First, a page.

What to wear on Mars? Designer experiments on space-durable textiles
According to Anurita, the key aspects to keep in mind when designing apparel for the neighbour planet are sustainability, gravity and reusability.
LUCKNOW: Amid all the speculations of billionaire Elon Musk leading humanity to the next phase of space exploration, and possibly even to Mars, has the thought of what an astronaut wears--apart from the hi-tech suit--as part of their regular clothing during the space pursuits, ever caught your fancy?
Lucknow-based Anurita Chandola, a textile and fashion designer, is in the process of developing fabrics that can be used on Mars. According to her, the key aspects to keep in mind when designing apparel for the neighbour planet are sustainability, gravity and reusability.
“Since a one-way journey to the planet takes about seven months, it is important to ensure that the products used in the clothes are reusable and lightweight,” she says.
A spacesuit designed by Chandola doubles up as a sleeping bag, and even flaunts Indian prints that showcase her heritage. It provides cushioning on the inside since the journey will be unsteady and jerky, and is made of ‘breathable’ fabrics. However, she points out that the suit cannot be worn outside the vessel.
After nine years in the fashion industry, Chandola decided it was time to move to research on space durable textiles, and was accepted into the Royal College of Art, London where she studied the subject. “I was always curious about how our lovely clothes will react in zero gravity,” she adds.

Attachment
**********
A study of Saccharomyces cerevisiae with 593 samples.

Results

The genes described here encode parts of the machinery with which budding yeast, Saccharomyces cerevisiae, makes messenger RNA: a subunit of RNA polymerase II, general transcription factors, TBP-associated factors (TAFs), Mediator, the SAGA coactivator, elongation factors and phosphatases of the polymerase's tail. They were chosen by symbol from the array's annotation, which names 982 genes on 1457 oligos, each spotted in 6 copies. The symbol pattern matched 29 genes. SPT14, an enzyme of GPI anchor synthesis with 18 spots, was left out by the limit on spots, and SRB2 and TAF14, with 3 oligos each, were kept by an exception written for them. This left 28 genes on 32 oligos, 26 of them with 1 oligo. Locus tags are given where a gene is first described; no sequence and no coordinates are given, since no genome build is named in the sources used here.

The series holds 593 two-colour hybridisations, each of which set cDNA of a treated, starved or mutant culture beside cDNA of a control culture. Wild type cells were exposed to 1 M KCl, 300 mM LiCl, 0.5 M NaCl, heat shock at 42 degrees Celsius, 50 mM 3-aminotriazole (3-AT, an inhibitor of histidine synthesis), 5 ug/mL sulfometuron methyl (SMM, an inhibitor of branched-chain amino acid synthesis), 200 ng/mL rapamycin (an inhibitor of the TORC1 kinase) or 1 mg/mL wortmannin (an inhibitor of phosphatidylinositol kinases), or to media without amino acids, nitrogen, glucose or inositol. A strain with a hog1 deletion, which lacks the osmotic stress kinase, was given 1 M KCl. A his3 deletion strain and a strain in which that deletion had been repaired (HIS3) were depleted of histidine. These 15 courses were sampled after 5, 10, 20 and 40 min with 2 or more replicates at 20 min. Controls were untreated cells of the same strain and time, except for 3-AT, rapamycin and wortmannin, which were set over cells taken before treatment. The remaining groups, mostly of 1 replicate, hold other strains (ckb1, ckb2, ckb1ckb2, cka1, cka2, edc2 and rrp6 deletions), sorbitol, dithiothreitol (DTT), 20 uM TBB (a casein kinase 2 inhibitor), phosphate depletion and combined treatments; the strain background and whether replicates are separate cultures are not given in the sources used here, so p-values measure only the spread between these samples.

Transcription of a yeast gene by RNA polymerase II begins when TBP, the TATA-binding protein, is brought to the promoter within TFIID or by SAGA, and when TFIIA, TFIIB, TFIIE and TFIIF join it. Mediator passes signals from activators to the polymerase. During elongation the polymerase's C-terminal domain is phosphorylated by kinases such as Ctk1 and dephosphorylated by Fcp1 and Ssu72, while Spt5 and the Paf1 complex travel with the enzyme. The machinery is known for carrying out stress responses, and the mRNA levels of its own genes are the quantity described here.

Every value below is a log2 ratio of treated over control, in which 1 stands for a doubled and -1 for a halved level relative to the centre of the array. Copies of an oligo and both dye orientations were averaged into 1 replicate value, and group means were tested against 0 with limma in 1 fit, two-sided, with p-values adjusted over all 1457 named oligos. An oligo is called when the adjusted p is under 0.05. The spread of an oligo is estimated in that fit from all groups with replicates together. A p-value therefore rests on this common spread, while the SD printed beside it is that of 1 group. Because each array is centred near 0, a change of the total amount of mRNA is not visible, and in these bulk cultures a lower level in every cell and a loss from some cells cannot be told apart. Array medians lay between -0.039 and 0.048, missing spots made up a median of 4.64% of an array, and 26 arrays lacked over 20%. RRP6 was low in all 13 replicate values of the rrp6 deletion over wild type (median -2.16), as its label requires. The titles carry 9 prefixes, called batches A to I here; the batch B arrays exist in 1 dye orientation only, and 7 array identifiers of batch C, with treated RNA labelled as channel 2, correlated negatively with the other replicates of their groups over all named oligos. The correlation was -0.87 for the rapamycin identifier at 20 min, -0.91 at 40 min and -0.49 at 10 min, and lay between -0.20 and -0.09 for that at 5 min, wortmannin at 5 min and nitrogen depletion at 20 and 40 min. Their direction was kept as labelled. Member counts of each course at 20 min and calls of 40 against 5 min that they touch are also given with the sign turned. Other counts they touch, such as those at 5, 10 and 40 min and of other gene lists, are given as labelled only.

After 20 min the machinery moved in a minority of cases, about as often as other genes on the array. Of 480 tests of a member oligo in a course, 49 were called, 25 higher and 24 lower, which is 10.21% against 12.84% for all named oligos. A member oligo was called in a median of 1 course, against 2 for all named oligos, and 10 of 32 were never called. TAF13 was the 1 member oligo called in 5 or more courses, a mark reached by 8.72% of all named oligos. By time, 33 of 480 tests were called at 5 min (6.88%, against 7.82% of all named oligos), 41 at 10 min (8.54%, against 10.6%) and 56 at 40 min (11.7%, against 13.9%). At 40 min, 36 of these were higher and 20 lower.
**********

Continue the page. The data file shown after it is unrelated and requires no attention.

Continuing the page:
She has also designed a dress that can maintain its shape on Mars despite gravity there being Earth’s one-third; it can also change its shape to look like a different garment, in the interest of its reusability.
Chandola became a part of the ‘Building a Martian House’ project in Bristol, UK to research and create products that are sustainable on Mars. The team has, so far, experimented with natural dyes using vegetable peels as opposed to formaldehyde, which won’t be conducive to any plants growing in that environment. It has used mustard seed pillows that allow for better air circulation, Chandola says.
Moreover, the team also discovered that ropes of charpai (beds made bamboo frame and woven rope) will be more useful on Mars than a regular air mattress.
According to Chandola, ‘space-wear’ will become popular and in demand whenever space travel picks up. “If people are spending millions for the journey, I am certain that will want to dress themselves to the occasion.”
Chandola also owns her clothing line, ‘Eesh’, through which she sources products made by artisans from Uttaranchal, for export to the UK.